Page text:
Tuesday, July 15, 2014

Posted by Laurel Garver on Tuesday, July 15, 2014 8 comments
Book and Internet research can provide you will all kinds of wonderful facts and details, as well as stimulate your thinking about possible story events, locations, and people to inhabit your fictional world.

But this sort of research isn’t interactive. It also typically isn’t customized to your specific needs. Thus, you can spend a great deal of time wading through reams of information to get to the facts and details you truly need.

Many times you’ll get the very best information most quickly by speaking with an expert. A ten minute phone conversation might just save you from hours of trawling through page after page of useless information. And more often than not, an actual human being will have insider knowledge that will keep you from making embarrassing mistakes.

For example, a medical book might give you the correct terminology for a hospital procedure, for example, but that term is likely not the one bandied about among the hospital staff. Using the more formal term will make your information seem stilted and naive and could cause readers to lose confidence in your authority over your story world.

Finding experts

You need the right kind of expert who can speak to your story’s particular situation. Your family doctor might know the standard procedure for treating a broken leg, but his knowledge is likely limited to treatment best practices under ideal conditions. You know, in a clean, shiny hospital. But what about injuries in non-ideal conditions, when X-rays and surgery are not readily available? Your family doctor isn’t going to be much help—partly because he will fear opening himself to legal liability by dispensing advice that isn’t clinically defensible. Your better bet would be to find a military field medic, or a mountain climber trained in first aid—someone who has experience with non-ideal conditions.

A golden truth I learned in journalism school is that people love to be considered experts (well, eight out of ten; take into account a certain percentage of natural jerkiness in the general population). Start by approaching people you already know, and be as specific as possible with the kind of information you’re seeking.

Look! A plethora of experts! (Photo DMedina from morguefile.com)
Your friends and family just might surprise you in having a hidden expertise or life experience that would make them excellent resources to provide you authentic details. Staying curious when in social situations can yield amazing opportunities. The cousin seated beside you at your nephew’s wedding reception just might be a law enforcement officer, a Civil War re-enacter, a cancer survivor or oenophile. Even the charming flower girl might help you write a child character by getting you up to speed on youth culture today.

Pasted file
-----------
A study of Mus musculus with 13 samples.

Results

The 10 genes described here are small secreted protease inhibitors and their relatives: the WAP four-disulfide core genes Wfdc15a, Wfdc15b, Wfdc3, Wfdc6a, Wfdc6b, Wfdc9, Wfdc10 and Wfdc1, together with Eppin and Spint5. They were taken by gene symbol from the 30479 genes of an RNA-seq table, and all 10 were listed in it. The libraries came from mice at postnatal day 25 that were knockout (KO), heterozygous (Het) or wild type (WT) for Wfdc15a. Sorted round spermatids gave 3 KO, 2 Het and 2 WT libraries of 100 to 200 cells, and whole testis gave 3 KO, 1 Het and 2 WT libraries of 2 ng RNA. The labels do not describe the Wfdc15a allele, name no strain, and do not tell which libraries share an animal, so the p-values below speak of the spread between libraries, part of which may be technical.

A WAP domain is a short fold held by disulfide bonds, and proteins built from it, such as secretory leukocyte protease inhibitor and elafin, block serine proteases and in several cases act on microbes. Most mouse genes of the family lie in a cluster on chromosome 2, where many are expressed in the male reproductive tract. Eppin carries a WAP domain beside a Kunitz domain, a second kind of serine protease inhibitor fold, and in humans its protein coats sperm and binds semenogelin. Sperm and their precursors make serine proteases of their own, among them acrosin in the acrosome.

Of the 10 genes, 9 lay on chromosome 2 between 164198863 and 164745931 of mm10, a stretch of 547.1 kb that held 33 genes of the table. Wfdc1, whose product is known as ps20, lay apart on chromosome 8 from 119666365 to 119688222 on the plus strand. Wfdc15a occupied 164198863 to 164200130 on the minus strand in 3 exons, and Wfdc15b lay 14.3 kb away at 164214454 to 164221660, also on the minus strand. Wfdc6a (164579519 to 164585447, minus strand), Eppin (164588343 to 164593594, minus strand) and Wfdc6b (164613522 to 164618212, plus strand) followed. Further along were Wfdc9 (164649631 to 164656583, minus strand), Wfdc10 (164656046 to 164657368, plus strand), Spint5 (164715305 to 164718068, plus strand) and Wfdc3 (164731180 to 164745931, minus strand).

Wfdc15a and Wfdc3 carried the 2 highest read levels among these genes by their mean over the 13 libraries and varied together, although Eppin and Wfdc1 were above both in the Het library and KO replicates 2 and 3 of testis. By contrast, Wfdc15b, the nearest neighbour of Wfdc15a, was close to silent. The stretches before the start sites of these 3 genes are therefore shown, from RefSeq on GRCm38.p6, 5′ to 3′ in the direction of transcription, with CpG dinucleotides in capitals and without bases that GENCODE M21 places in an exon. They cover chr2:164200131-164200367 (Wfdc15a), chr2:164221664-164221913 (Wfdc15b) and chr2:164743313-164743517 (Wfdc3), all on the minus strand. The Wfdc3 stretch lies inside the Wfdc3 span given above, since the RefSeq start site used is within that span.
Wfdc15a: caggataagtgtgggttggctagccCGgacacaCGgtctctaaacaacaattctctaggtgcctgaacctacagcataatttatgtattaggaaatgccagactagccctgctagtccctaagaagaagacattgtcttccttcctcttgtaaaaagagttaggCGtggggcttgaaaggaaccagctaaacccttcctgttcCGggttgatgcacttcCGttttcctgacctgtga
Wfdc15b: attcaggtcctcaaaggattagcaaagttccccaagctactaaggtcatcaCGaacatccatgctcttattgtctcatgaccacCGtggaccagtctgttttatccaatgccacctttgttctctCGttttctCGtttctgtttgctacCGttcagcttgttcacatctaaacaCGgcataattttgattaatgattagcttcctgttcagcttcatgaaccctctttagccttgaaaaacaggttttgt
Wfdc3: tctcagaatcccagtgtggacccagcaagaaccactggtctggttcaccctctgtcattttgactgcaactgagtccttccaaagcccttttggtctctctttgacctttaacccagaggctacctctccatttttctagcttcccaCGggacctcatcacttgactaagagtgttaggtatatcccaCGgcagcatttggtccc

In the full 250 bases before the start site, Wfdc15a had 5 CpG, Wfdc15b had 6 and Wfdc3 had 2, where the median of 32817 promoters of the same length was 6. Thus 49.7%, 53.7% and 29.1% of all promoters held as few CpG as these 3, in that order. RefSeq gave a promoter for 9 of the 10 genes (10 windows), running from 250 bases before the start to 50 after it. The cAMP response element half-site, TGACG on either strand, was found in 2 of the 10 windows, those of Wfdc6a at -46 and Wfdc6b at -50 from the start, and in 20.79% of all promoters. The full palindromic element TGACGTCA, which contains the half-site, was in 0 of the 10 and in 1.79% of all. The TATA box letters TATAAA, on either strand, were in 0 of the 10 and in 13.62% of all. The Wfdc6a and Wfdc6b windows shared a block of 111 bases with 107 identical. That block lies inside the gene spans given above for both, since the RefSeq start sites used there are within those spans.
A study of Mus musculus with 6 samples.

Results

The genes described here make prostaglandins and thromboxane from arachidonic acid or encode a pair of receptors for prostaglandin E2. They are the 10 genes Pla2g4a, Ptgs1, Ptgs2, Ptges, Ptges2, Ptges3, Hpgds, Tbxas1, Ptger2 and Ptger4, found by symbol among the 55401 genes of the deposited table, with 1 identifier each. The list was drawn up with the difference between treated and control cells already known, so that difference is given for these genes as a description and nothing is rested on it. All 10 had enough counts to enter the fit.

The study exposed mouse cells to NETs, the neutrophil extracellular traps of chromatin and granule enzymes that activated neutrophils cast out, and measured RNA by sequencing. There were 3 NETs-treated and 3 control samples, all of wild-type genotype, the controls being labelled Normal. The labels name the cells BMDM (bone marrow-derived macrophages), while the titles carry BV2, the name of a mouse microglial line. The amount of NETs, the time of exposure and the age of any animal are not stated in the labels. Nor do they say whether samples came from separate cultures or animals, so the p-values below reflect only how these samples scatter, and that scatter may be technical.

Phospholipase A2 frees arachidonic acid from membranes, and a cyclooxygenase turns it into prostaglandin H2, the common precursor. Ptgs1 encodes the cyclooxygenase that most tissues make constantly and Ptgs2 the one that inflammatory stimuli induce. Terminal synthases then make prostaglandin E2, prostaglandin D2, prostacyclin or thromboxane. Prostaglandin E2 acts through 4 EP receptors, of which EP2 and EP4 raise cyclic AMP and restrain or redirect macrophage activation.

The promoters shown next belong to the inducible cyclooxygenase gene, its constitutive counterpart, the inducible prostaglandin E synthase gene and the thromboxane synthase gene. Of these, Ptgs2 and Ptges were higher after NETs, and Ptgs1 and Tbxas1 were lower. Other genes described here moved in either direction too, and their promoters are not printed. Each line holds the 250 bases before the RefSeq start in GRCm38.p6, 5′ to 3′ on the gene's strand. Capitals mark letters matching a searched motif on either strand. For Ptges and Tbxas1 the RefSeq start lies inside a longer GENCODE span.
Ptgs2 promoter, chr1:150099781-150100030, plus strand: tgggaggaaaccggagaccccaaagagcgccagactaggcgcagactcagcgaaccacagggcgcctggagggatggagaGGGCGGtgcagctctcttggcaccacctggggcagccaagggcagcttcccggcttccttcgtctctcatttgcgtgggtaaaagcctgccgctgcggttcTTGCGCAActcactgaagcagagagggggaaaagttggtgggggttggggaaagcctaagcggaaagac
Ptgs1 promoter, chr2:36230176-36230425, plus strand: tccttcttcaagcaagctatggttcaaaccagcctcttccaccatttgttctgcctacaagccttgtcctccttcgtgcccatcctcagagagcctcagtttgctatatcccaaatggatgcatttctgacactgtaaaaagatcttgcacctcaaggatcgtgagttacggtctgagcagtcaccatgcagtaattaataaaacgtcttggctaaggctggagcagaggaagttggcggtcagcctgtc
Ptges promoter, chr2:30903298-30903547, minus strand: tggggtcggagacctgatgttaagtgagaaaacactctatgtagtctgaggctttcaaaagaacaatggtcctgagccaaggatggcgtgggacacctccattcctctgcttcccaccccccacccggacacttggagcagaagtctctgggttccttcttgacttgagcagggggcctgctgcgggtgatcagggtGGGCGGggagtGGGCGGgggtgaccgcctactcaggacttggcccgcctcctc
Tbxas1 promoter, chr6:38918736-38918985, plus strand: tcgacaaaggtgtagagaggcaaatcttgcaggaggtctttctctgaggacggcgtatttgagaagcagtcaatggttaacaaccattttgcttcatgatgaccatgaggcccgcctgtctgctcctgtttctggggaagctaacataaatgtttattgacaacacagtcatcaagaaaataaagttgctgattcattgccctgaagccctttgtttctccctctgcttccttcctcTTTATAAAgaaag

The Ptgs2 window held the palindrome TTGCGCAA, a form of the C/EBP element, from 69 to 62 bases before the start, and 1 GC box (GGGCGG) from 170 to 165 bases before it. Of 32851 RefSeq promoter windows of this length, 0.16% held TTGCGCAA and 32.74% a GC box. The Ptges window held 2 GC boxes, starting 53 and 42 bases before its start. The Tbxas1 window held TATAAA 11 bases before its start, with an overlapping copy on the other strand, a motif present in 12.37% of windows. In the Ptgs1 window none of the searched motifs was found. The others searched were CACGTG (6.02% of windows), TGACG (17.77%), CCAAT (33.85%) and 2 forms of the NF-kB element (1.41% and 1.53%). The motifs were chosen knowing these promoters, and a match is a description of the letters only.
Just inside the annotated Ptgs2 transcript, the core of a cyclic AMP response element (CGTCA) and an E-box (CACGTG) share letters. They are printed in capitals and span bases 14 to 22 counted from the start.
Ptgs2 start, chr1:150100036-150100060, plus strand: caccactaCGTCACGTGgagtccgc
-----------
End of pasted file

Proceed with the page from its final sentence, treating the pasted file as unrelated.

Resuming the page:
When you meet people, keep your radar attuned to where their interests, experiences, and training intersects with your story world and bravely ask questions. A simple request like “tell me about yourself” can turn a dull party into a research extravaganza.

I once got some amazing research done while at a church luncheon. I was seated by a friend who is a speech-language pathologist, and realized she might know something about speech problems in stroke patients, an element in my story. So I said, “I’m working on a story in which a grandparent has a stroke. What kind of speech problems might he possibly have?” That short chat was more focused and helpful than hours of reading. She knew in practice, not just theory, how patients behave and what the stages of recovery look like. That kind of information is pure gold.

This technique is great for those socially-demanding seasons when you shuttle from wedding to graduation to baby shower. Think about how your story might connect to every person you meet. Tap their knowledge and expertise as a professional, volunteer, hobbyist, or representative of an age group, family role, ethnicity or religion. And if the setting isn’t appropriate or convenient to have a useful chat, arrange for another time to interview them.

Your personal contacts might also lead you to other experts in their extended networks. The idea that every person on earth is “six degrees of separation” from any other person is actually pretty amazing when you think about it. Anyone you regularly cross paths with, from your mother to your plumber, likely knows someone who knows someone.

But don’t be afraid to take a leap and call or e-mail a stranger whose name you uncover while researching. The worst they can do is ignore you or say, “Sorry, I can’t help you.”

What kind of expertise would help you write your story?

8 comments:

  1. This is such good advice! It's truly amazing what you can find out about others just by asking a few simple questions ... it's being brave enough to initiate the conversation that's the toughest part. :)



    I am really chewing over your statement about thinking about how your story might connect to everyone you meet. WOW. Food for thought.


      But also social situations where you're meeting people can become research gold. It helps me come out of my shell when I can connect a new acquaintance with some area I've been researching: "Oh wow, you're an ICU nurse? That's so cool. I've always wondered __________." See. Easy segue. Even general characterization can be helped by interviewing people: "What are some of the challenges of parenting teenagers?" could help with writing a mom or dad in YA. "What social media are you into?" could help with teen characters. "What do you do for fun?" could help with a wide array of characters. You don't HAVE to create every character from scratch in your imagination, after all. Let real people help you!